Another Round Of Powerful Winds Heading Into SoCal

A palm tree with its leaves blowing in the wind stands in front of a white building.
Strong Santa Ana winds are expected through Saturday.
(Karol Franks
via the LAist Featured Photos pool on Flickr)

A powerful windstorm will blow Friday afternoon through Saturday, according to the National Weather Service. Forecasters expect the strongest winds will be Friday night into Saturday, with some gusts in the western San Gabriel Mountains getting as high as 80 miles an hour.

Other valley areas and the Santa Monica Mountains could get hit with 65 mile-an-hour gusts.


The NWS Oxnard and San Diego offices have posted high wind warnings for the San Fernando and Santa Clarita valleys, the Los Angeles County mountains, most of Ventura County, inland Orange County, the Inland Empire valleys and mountain ranges and the Banning pass.

The warnings extend from 3 p.m. Friday until 6 p.m. Saturday. There are also less severe wind advisories for the coast from Ventura County down through Orange County and in the San Gabriel Valley through Saturday afternoon.

Temperatures will plummet in some valleys Friday night, and the L.A. County Health Department has a cold weather alert posted for the Lancaster area through the weekend.

Safety tips from Southern California Edison
    • Watch for traffic signals that may be out. Approach those intersections as four-way stops.
    • Make sure you have a battery-operated radio and flashlights. Check the batteries to make sure they are fresh. Use flashlights for lighting during a power outage; do not use candles because they may pose a significant fire hazard.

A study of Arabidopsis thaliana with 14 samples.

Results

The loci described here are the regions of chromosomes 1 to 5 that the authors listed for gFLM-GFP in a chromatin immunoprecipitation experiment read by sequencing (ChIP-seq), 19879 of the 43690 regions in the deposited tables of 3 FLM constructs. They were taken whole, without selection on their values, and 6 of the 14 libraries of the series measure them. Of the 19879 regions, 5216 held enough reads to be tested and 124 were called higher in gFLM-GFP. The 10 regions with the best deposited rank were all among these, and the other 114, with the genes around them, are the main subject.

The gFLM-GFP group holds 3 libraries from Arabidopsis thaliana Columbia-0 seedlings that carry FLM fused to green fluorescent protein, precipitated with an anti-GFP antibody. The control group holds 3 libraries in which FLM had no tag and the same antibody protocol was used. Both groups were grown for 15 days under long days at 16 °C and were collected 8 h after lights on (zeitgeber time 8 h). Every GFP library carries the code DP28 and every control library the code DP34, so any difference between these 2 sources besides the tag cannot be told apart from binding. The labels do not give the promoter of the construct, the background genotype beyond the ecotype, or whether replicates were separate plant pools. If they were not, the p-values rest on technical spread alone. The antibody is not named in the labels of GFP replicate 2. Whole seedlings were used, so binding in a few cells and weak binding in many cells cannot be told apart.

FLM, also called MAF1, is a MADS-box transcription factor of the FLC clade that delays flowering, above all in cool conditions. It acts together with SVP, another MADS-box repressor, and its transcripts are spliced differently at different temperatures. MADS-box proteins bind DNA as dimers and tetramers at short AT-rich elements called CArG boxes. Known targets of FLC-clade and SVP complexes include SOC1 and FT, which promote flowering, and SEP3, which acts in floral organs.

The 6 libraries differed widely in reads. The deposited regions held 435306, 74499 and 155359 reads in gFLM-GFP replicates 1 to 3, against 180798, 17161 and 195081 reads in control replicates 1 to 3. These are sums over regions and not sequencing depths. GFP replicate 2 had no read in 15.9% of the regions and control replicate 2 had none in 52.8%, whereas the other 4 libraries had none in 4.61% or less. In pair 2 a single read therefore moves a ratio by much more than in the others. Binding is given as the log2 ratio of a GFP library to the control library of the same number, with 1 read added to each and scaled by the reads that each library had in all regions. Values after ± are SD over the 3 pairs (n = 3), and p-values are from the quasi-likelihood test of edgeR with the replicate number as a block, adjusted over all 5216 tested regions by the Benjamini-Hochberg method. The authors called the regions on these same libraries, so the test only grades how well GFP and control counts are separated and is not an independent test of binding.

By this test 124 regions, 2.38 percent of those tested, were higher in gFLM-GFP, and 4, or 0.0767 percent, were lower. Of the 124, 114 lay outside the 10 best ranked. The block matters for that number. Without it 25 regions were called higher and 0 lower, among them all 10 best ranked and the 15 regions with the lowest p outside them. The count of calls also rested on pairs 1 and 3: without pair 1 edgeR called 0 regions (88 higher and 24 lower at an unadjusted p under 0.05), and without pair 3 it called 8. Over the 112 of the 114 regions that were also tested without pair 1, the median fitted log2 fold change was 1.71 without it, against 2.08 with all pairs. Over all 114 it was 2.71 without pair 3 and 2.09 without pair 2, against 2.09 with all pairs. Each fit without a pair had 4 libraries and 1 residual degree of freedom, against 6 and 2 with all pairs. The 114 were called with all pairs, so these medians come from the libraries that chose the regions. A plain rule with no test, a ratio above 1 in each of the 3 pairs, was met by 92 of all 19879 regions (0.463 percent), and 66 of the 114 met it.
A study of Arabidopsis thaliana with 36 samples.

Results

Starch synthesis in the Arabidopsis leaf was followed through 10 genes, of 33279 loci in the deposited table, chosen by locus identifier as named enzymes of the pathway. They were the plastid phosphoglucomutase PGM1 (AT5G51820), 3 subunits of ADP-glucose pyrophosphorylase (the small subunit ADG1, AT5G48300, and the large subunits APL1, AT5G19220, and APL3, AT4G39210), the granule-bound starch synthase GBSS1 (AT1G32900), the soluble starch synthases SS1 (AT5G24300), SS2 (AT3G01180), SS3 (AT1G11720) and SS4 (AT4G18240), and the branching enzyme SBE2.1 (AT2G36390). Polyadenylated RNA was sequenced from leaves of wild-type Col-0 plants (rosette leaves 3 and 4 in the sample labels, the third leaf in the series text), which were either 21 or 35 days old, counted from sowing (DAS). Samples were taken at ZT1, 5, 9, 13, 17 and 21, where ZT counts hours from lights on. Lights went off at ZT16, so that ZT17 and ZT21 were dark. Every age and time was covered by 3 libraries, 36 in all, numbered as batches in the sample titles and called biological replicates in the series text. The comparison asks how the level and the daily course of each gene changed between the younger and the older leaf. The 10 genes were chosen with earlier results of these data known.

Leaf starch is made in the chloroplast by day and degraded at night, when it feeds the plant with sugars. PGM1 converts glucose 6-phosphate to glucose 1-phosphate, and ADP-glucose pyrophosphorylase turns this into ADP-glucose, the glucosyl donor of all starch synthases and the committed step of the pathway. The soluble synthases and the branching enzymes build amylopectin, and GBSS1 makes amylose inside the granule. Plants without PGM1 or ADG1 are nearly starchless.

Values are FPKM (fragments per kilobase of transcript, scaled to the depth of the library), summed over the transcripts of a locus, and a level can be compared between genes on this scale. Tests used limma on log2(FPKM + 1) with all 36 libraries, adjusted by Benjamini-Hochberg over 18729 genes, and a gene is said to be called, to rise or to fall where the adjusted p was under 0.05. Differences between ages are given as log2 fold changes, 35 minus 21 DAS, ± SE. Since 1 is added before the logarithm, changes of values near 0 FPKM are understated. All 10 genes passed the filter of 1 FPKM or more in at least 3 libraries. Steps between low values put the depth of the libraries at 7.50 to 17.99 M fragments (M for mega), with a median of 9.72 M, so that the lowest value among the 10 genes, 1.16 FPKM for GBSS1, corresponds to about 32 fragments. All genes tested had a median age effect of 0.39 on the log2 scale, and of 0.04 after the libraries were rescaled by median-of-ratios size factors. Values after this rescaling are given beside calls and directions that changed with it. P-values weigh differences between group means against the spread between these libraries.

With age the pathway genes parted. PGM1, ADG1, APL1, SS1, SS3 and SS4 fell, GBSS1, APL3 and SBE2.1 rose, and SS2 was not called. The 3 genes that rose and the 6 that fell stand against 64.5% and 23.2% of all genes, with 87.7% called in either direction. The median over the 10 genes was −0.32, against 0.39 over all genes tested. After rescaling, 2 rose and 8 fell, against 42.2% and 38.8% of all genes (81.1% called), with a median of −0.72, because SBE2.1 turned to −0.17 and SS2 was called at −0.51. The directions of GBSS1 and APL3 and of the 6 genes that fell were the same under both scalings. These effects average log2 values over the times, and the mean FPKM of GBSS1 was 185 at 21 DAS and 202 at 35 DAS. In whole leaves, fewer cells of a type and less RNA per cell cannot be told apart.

• If you’re in a vehicle with a fallen power line on it, stay in the vehicle and remain calm until help arrives. It is OK to use your cellphone to call 911. If you must leave the vehicle, remember to exit away from downed power lines and exit by jumping from the vehicle and landing with both feet together. You must not touch the vehicle and the ground at the same time. Then proceed away from the vehicle by shuffling and not picking up your feet until you are several yards away. 
    • Water and electricity don’t mix. Water is an excellent conductor of electricity. Do not step in or enter any water that a downed power line may be touching.
    • Do not use any equipment inside that is designed for outdoor heating or cooking. Such equipment can emit carbon monoxide and other toxic gases.
    • If you use a generator, place it outdoors and plug individual appliances directly into it, using a heavy-duty extension cord. Connecting generators directly to household circuits creates “backfeed,” which is dangerous to repair crews.
    • Leave the doors of your refrigerator and freezer closed to keep food as fresh as possible. Place blocks of ice inside to help keep food cold. Check food carefully for signs of spoilage. 
    • Check on your neighbors to make sure everyone is safe.
What questions do you have about Southern California?